County supports statewide water restrictions

August 10, 1999

Brush FireBy SCOTT BUTKI / Staff Writer

photo: RIC DUGAN / staff photographer

The Washington County Commissioners agreed Tuesday to send Gov. Parris Glendening a letter supporting statewide mandatory water restrictions even though two commissioners called the rules "hypocritical" because of exceptions for some users.


The County Commissioners also instructed Farmland Preservation Administrator Eric Seifarth to work with the local delegation to the Maryland General Assembly to prepare for the possibility of using the National Guard to import water and hay to local farmers.

About 24 wells have run dry on Washington County farms and crop farmers are expecting a 50 percent yield, Seifarth said. The approximately 50,000 cows in the county soon will need hay, he said.


Glendening must approve the use of the National Guard to bring in water and hay from other states, including Wisconsin and Minnesota, Seifarth said.

Glendening imposed water restrictions in an Aug. 4 executive order. Two days later, the state modified some of the restrictions, granting exemptions that allow car washes to keep operating even if they are not using recycled water and granting permission for athletic fields to be watered.

It seems unfair to ask residents to make sacrifices when the state restrictions allow golf courses, including the county's Black Rock Golf Course, to water tees and greens and allow school districts to water athletic fields, Wivell said.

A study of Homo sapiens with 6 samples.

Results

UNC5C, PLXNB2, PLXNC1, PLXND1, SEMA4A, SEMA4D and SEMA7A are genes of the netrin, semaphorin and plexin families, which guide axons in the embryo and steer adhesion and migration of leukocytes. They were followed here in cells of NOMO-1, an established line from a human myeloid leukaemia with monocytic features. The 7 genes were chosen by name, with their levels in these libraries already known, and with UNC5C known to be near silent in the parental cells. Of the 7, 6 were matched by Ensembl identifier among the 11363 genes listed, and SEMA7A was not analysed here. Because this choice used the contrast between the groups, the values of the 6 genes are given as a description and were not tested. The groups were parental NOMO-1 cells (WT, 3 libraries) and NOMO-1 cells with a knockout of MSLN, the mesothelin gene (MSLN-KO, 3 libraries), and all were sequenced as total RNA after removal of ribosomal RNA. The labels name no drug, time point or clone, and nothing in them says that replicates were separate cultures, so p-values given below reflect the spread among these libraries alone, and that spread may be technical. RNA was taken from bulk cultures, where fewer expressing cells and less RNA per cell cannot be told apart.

"It seems hypocritical to me," he said.

Commissioner Paul L. Swartz agreed and said the county should consider being a model for the rest of the state by having even more stringent water restrictions.

Later in the day, at a joint meeting with the Washington County Board of Education, Swartz said he thought the county should take a stand and not water the school system's seven athletic fields.

Schools Superintendent Herman G. Bartlett said the district is meeting the state requirements by cutting water use by 50 percent. The fields will be watered only during the night instead of in the daytime and at night as they usually are.

If the fields aren't watered they become hard and unsafe, Board of Education Athletic Supervisor Eugene "Yogi" Martin, said Tuesday.

Gerald Ditto, a Clear Spring-area farmer and president of the Washington County Farm Bureau, asked why some county residents, including farmers, should suffer during the drought while exceptions are made for athletic fields and car washes.

"If this is so severe is that absolutely necessary?" he asked.